Bob Mayo, Stonepoint Member
“Cease striving and know that I am God; I will be exalted among the nations, I will be exalted in the earth.” Psalm 46:10
I’m pretty sure you are familiar with this verse. It has been a source of comfort God’s people for centuries. While this may be our favorite verse from this short Psalm, there is so much more to Psalm 46. I did a little research on this Psalm today and I’d like to share what I discovered.
During World War I, whenever a contingent of young men were at the docks ready to sail to war, their families and friends gathered and sang an old Scottish Psalter based on Psalm 46. The people recognized the reality that many if not most of these young men would not return. Psalm 46 and the Scottish Psalter were a great source of comfort during times of crisis.
Psalm 46 was also the Psalm that led Augustinian monk, Martin Luther to write the hymn, A Mighty Fortress Is Our God. If you’ve been around church for awhile, you’ve probably sung that hymn at least once. One of the first churches I attended after I became a Christian in the mid 70’s, used a hymnal during worship services. I never really got into the hymns much (hope that doesn’t sound heretical), but I always liked this hymn.
Most commentators believe that Hezekiah wrote Psalm 46 in light of God’s miraculous deliverance of Jerusalem from the Assyrian army under king Sennacherib. During this invasion, Israel was in a crisis. Wisely Hezekiah relied of God for their deliverance rather than depending on Egypt or some other country, which was their usual procedure. God didn’t let them down. When the people of Jerusalem woke up one morning, the entire Assyrian army was dead, some 185,000 men. Sennacherib himself, went back to Assyria and was later killed by one of his sons while he was worshiping his god. That’s a bit ironic! God was with his people. Verse 1 of Psalm 46 says, “God is our refuge and strength, a very present help in times of trouble.” God was with Israel, and God is with us. We too, are living in times of trial and danger. But the Psalm brings out that even if the earth itself falls apart and mountains break apart and fall into the sea, we should not fear. One writer puts it, “The worst that can happen is no cause for fear. God Himself is still with us.”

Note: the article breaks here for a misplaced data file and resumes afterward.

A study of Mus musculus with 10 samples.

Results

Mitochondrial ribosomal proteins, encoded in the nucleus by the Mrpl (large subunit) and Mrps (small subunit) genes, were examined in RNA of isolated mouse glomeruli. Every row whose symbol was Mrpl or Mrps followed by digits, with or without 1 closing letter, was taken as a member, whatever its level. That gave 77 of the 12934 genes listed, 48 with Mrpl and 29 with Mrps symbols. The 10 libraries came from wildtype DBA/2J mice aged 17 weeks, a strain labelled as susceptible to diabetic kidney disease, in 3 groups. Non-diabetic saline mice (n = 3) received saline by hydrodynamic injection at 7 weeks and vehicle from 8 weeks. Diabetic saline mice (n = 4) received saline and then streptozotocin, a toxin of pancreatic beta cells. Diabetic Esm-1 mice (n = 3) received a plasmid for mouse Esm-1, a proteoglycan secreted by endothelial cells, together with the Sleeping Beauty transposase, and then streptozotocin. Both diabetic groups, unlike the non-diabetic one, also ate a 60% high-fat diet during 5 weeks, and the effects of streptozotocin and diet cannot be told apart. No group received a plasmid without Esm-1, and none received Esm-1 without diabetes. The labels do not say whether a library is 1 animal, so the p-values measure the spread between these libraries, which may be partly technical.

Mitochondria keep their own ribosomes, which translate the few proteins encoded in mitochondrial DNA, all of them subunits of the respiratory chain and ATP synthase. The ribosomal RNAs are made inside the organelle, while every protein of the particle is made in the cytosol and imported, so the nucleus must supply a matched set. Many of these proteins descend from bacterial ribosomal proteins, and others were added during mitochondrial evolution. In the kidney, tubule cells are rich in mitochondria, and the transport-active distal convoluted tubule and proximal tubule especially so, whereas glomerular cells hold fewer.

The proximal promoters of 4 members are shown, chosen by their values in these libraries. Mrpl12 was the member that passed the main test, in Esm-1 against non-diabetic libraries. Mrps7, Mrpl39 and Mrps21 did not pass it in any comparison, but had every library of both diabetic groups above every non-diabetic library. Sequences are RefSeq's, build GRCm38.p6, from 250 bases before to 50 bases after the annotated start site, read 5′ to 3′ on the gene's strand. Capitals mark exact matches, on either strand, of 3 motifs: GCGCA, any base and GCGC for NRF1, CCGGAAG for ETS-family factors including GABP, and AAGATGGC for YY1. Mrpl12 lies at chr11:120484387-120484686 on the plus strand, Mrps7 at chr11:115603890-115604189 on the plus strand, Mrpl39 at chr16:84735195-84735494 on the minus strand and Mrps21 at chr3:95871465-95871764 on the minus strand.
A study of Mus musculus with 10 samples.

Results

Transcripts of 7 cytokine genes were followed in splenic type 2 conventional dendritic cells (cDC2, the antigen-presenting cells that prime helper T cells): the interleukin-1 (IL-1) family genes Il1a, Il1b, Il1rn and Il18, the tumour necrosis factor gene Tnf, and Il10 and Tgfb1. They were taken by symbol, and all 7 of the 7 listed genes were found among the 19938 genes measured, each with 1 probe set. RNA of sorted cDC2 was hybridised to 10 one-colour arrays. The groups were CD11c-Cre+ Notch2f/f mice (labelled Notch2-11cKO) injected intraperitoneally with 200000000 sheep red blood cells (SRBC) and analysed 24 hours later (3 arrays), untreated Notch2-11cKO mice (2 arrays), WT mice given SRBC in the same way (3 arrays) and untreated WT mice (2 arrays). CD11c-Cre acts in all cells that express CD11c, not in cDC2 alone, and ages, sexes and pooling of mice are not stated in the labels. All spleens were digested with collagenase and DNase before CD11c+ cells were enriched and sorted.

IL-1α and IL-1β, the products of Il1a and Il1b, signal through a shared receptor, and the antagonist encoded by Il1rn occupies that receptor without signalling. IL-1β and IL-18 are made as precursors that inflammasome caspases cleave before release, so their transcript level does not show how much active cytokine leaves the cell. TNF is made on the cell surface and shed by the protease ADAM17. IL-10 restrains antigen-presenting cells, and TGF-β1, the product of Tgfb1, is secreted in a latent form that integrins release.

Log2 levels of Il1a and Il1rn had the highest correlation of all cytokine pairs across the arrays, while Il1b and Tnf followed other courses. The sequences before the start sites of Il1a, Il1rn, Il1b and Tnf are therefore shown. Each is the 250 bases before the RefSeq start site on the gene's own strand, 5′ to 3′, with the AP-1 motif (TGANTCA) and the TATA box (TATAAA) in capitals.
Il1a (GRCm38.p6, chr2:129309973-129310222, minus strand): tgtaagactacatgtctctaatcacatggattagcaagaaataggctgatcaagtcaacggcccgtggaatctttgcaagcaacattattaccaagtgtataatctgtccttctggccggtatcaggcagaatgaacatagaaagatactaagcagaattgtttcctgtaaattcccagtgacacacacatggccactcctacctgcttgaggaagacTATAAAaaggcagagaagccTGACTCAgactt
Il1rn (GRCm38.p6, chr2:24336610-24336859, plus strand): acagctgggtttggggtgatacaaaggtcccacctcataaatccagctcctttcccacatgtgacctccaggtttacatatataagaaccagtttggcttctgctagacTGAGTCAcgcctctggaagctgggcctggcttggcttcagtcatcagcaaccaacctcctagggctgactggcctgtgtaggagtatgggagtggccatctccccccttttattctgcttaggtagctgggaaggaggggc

I believe verses 8-11 are talking about the end times. While man will do his worst, God will bringing desolation to the armies of the world. God is on His throne in Jerusalem and the strife has ended. He invites the inhabitants of Jerusalem to look out and see the deliverance of the Lord. As the people look, all they will see is the desolation and judgement of the armies of the world. God makes peace and puts an end to the fighting of the world once and for all time. His judgement is final.
Then God says, “be still…” (literally, take your hands off. Relax!). At Regen, I have heard time and time again something like, “I struggle with control.” It seems like we Americans like to be in control of things. But Hezekiah, won the victory because he let God work in His way and time. We too, need to let God, be God.
Finally, in verse 7 and 11, God calls Himself, “The LORD of hosts and the God of Jacob.” I’d like to end with the words of another commentator, “The LORD of Hosts is with us, that is, the LORD of the angelic armies of heaven. But He is also the God of Jacob. Now Jacob means, ‘cheat’ or ‘supplanter.’ Yet God speaks of Himself as the God of Jacob. Put the two thoughts together and you learn that the God of the angelic hosts is also the God of the unworthy sinner. The one who is infinitely high is also the intimately nigh. He is with us in every step of our way, our unfailing refuge in all the storms of life.” The bottom line is, even if we can’t see or understand what God is doing, He is always with us. He is our refuge, our strength and our stronghold. What we need to do is to put our trust in Him and not in ourselves or our own plans. May God give us the wisdom to put our total trust in Him.